Forget about cows, celebrities and good health. After watching this video for BC Dairy, you will never see poker the same way again.
"I have longed for your heart."
"I have longed for your spade!"
The online video debuted in tangent with Teen Power Team, a TV spot that parodies Team America: World Police and crime-fighting dolls in general. (I dig how there's a token Spanish-speaker. Those saucy Canadians!)
Expect more where those came from. All ads, however random, conclude with the same tidy moral: must drink more milk. Dot com.
And you probably expect this by now, but I'll say it anyway: the website lets you UPLOAD VIDEOS and WIN STUFF.
Put together by Bent Images Labs for DDB Canada in Vancouver and Tribal DDB Canada (for the digital stuff).
Remember those Choose Your Own Adventure books that pretty much let you decide whether you'd die two, or twenty, pages into the story? Visit Twix.com for a grown-man version of the game. You won't get to ride any unicorns, but if you're lucky, you might get to ride something else.
The adventure is called "Get the Girl." The protagonist convinces a girl to come home with him by inviting her over to blog about the media. (That gets me every time.) But there are obstacles! Mull your options over with Twix. (Helpful hint: at the very end, pick "Be honest." You'll dig what happens.)
Accompanying spot: "Oh, blogging! I love blogging!"
Check out The Giant by agency Les Ouvriers du Paradis, possibly the most charming bathroom fairy tale ever. You don't have to speak French to infer why Lotus' Just 1 is the toilet paper of choice for mythically large men.
It's so absorbent, you'll only need one sheet! That's the kind of claim that titillates T.P. abusers like me. (I like to yank generously. It's a habit I'm trying to break.)
I want to argue the spot's more logical in the manner of its pitch than Charmin's squeeze-fetish Whipple spots, but that argument fell to pieces when the giant made with the elongated Lotus-fondling.
Nothing warms the heart like the sight of a kid schooling his parents on the importance of travel insurance.
Also see Did you have a nightmare?: "Dents are easy to fix, but liability's the nightmare! Ah, don't get up. I'll tuck myself in." I kinda want to hug him. Or buy him a graphing calculator.
You know what would be awesome? If this kid and the Umpqua lemonaire got together and built the ultimate risk-free lemonade stand, equipped with biodegradable paper cups (to appease the environmentalists) and curved corners for child safety.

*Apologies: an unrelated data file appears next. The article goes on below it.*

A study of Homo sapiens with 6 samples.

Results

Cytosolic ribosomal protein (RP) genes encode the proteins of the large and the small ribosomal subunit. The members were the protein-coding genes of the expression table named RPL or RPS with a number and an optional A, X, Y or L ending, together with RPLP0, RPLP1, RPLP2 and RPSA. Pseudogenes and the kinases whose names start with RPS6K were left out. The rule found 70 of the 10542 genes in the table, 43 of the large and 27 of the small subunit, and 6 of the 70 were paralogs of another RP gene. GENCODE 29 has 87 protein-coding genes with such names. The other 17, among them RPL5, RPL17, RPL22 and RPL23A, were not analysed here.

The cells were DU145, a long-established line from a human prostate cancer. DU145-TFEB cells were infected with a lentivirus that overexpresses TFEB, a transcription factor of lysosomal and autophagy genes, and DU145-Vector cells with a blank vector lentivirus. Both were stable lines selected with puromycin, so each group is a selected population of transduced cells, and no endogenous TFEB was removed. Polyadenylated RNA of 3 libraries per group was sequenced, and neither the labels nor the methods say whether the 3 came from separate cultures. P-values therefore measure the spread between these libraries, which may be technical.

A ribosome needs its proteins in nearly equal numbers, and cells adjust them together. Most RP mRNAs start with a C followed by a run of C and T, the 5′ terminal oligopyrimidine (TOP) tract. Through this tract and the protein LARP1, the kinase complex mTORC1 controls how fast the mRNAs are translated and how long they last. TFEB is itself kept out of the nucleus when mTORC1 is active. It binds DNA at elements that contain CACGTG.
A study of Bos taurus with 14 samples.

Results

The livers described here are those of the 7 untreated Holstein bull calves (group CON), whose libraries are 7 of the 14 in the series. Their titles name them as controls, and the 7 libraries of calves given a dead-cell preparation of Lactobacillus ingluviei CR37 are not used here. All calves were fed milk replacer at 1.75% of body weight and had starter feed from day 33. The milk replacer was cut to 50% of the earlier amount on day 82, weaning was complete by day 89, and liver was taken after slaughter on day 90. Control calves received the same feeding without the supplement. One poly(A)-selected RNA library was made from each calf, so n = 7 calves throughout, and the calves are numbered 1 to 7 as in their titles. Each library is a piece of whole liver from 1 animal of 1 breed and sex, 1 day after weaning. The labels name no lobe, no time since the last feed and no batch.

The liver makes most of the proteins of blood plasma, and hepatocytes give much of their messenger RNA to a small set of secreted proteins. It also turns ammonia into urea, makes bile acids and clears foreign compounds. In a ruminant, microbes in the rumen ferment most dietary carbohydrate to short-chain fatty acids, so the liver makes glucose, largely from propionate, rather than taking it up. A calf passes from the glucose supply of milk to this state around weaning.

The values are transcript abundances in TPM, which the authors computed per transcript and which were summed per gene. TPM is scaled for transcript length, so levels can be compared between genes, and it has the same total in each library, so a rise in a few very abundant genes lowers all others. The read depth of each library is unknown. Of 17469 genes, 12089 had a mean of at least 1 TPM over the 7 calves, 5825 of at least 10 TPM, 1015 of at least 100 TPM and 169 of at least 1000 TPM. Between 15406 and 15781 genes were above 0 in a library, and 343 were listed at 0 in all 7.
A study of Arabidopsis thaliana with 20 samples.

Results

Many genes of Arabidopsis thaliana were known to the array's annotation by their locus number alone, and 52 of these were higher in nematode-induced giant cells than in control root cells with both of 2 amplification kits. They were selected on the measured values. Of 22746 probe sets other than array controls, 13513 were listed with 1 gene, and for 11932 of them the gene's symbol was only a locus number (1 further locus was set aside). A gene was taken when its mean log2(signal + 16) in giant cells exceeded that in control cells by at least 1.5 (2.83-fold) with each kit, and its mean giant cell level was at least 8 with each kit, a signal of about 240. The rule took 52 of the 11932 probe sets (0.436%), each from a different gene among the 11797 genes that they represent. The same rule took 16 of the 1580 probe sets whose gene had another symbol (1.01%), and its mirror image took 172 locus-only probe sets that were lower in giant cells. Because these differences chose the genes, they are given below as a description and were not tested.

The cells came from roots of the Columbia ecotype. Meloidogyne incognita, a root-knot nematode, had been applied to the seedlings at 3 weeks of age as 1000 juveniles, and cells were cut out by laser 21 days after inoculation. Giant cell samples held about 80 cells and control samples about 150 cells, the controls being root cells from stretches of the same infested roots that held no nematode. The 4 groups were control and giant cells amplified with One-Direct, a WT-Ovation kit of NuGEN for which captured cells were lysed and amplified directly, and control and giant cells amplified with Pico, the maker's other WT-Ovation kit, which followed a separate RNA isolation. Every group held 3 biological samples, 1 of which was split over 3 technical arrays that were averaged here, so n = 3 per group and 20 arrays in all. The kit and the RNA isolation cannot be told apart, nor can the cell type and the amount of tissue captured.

Some storks bring you babies. But watch out for the one with the glasses; he's got nothing but pickles.
Publicis & Hal Riney/SF is helping to
reposition reinvigorate pickle company Vlasic and its 34-year-old stork icon. The stork's personality was modeled off Groucho Marx and appears in current TV ads* as a quirky friend of the family. Vlasic's tagline was also changed to "That's the tastiest crunch I ever heard."
In "School," a Greenpeace ad by DDB/Paris, a teacher poses this question: "What do you want to be when you grow up?"
Her students' responses are laced with guilt-inducing grownup undercurrents: climate worries, health concerns and capitalist gusto conceived in ecological exploitation. Fascinating.
If you've been following Adidas' "Impossible is Nothing" campaign for the Beijing Olympics, you're probably familiar with the format by now. Here's the final ad, featuring Feng Kun of the Chinese Volleyball Association and some disembodied eyes that are supposed to represent a Watchful Nation.
The pressure's on. I had that feeling at a spelling bee once. Unlike the CVA, I did not win my gold.
Previous spots: Together, Zheng Zhi and Hu Jia.
We did it to ourselves. Yes we did. With help from our much-loved DVRs. We started a war. A war between those who want to skip commercial and those who want people to see them no matter what technology exists to skip them. The latest in an increasing list of tactics comes from TBS which is running promotions during programming which involves pausing the show while an ad runs on the lower third of the screen. Right now, it's just station promos but, seriously, how long before we see paid advertising in this space? We did it to ourselves.
Some have pointed out the intrusive promotions are simply mirroring what's being promoted; the Bill Engvall show in a TV remote is a prominent plot element. Still. There's no doubt, after seeing this, every marketer will scream, "I want one!"
CEO Joseph Frick of Independence Blue Cross, the biggest health insurance provider in Philadelphia, used his recent colon cancer diagnosis to fuel this ad campaign by Tierney Communications.
The height chart at left lends a practical, and sort of charming, picture of how needs change as the mortal coil unravels. (Nagging question: why is 5'9," "Mammogram Reminders," followed by 6'1," "Senior Fitness Programs"? I thought people shrink when they get old? Is Independence just that good?)
Tagline: "Just a few ways we're here for you every step of the way" -- a little clumsy, but it gets the idea across.
Emo heartthrob Kazutaka Nomura of PWRFL POWER gets animated, woos the uncatchable Erin Esurance, and teaches her a powerful lesson about self-esteem. In song.
Not that she needed it. She does, after all, prance around in spy clothes to sell car insurance.
This is part of a partnership between Esurance and the Monolith Music Festival at Red Rocks. The website, linked above, also includes a bio and an interview with PWRFL POWER, as well as tour dates.